If you’re ready to take the next step toward buying a home, then chances are that you need to take a hard look at your credit score. Your credit will have a huge impact on whether you can get a home loan and how much your interest rate will be.
When you have poor credit, your home loan can end up costing you thousands of dollars more over the life of your mortgage. If your credit is bad, getting a traditional mortgage might be not an option for you.
While we always suggest that you take some time to improve your credit before applying for a loan, you may also be able to make some additional steps to increase your chances of getting approved for a mortgage, even your credit is less than ideal.
Consider Government-Backed Home Loan Programs
You don’t have to get a traditional home loan. A government-backed program may offer you a way to get the loan you want without breaking the bank. FHA and VA loans, for example, don’t have minimum credit qualifications. Some VA loans don’t require a down payment. FHA loans only require a 3.5% down payment. The rates of these loans are pretty comparable with conventional mortgages as well.
FHA loans also require mortgage insurance or MIP. This extra cost can either be part of the monthly mortgage, or you can pay it up front. It is generally around 1.75% of your total loan if you pay it up front. If you pay it as part of your monthly obligation, it will be between 0.5 to 1.05% each year. These extra costs mean that you could end up paying thousands of dollars extra for this type of loan.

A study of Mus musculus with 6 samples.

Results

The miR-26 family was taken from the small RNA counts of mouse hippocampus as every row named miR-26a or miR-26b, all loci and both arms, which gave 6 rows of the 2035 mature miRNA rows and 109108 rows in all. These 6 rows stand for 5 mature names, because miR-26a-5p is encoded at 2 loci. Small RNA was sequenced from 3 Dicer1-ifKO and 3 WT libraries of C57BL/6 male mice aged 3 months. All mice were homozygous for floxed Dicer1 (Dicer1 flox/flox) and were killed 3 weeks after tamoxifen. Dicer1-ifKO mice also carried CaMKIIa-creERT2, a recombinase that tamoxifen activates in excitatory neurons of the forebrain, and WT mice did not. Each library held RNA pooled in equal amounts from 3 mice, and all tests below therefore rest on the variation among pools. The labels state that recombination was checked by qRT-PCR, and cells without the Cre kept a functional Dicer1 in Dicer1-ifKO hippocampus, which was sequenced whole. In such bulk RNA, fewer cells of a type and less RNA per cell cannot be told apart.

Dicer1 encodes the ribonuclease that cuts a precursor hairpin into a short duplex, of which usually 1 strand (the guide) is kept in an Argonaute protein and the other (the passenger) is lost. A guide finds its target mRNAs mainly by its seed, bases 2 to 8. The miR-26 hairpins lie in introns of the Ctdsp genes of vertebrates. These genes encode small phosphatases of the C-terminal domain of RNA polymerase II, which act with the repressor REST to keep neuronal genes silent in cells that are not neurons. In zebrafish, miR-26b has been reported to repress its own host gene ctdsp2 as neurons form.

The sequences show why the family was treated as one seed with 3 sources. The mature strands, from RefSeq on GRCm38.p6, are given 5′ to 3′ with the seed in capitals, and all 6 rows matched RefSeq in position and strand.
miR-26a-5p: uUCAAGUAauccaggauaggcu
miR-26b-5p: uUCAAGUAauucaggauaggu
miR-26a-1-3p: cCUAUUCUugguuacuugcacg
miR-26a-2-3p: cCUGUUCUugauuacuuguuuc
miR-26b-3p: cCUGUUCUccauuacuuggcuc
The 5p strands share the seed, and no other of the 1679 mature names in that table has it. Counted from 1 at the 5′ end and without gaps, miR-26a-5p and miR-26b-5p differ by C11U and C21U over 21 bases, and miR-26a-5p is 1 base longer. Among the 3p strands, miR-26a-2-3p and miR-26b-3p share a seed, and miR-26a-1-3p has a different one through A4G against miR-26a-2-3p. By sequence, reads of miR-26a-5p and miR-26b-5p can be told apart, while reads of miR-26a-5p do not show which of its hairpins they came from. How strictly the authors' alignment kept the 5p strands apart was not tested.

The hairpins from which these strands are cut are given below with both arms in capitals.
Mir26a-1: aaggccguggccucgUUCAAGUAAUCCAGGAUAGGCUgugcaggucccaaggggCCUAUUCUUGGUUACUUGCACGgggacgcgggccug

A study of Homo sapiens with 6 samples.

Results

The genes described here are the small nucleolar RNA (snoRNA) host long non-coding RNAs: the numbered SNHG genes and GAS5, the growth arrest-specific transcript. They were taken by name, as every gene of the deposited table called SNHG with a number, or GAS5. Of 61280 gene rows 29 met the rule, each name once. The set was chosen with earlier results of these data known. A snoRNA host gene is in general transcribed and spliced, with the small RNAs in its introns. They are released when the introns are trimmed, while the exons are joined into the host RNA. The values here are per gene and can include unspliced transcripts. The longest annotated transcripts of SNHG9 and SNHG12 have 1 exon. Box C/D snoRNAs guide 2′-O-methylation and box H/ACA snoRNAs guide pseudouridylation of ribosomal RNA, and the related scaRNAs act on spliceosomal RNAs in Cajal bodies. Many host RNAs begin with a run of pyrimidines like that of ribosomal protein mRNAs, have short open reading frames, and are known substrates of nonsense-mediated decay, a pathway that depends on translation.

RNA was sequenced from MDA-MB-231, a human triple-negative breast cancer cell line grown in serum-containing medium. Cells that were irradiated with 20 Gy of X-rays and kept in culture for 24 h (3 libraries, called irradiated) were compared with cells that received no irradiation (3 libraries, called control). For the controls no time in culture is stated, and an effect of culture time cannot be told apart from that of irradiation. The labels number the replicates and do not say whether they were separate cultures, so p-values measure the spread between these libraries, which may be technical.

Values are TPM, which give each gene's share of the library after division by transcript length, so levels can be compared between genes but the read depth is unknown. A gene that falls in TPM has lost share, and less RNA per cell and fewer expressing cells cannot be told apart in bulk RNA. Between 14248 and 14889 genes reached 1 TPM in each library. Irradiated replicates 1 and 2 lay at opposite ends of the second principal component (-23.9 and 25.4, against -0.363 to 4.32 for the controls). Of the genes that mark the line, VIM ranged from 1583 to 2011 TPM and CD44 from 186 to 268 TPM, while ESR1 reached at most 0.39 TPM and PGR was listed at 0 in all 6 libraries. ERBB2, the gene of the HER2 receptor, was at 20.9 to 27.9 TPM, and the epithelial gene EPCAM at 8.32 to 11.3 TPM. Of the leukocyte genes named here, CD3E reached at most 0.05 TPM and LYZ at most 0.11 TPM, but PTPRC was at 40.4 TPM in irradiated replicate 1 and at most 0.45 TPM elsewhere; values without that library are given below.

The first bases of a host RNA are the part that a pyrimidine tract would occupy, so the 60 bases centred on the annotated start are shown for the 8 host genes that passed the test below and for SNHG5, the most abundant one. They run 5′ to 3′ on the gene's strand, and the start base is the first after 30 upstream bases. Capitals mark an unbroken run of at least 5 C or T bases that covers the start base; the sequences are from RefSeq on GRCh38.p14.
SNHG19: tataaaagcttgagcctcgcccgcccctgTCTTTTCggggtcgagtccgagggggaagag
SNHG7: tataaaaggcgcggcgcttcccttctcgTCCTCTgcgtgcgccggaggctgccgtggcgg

Understand the Power of Cash
Lenders consider three main things when they are deciding whether to approve your mortgage application:
If your credit score is poor, then you might be able to make up for it in the two other areas. One of the ways that you can do that is by putting in a larger down payment, which alters your loan-to-value ratio.
Ideally, you will have time to work through some credit repair while also saving money for a few months before you apply for a mortgage. However, if you don’t have that kind of time, you may be able to ask family and friends for help to increase your down payment.
Consider Using a Co-Signer
Having someone else who has good credit co-sign on your loan for you could increase your chances of being approved. It could also decrease your overall interest rate as well. Friends and family members could be good options as a co-signer.
You should keep in mind, however, that when a friend or family member co-sign a loan for you, they are putting their own credit and finances on the line. Be sure that you are not biting off more than you can chew when you involve a friend or loved one.
The best way to increase your chances of getting a mortgage is to wait to apply until your score improves—and we can help with that process! Give us a call today to learn more.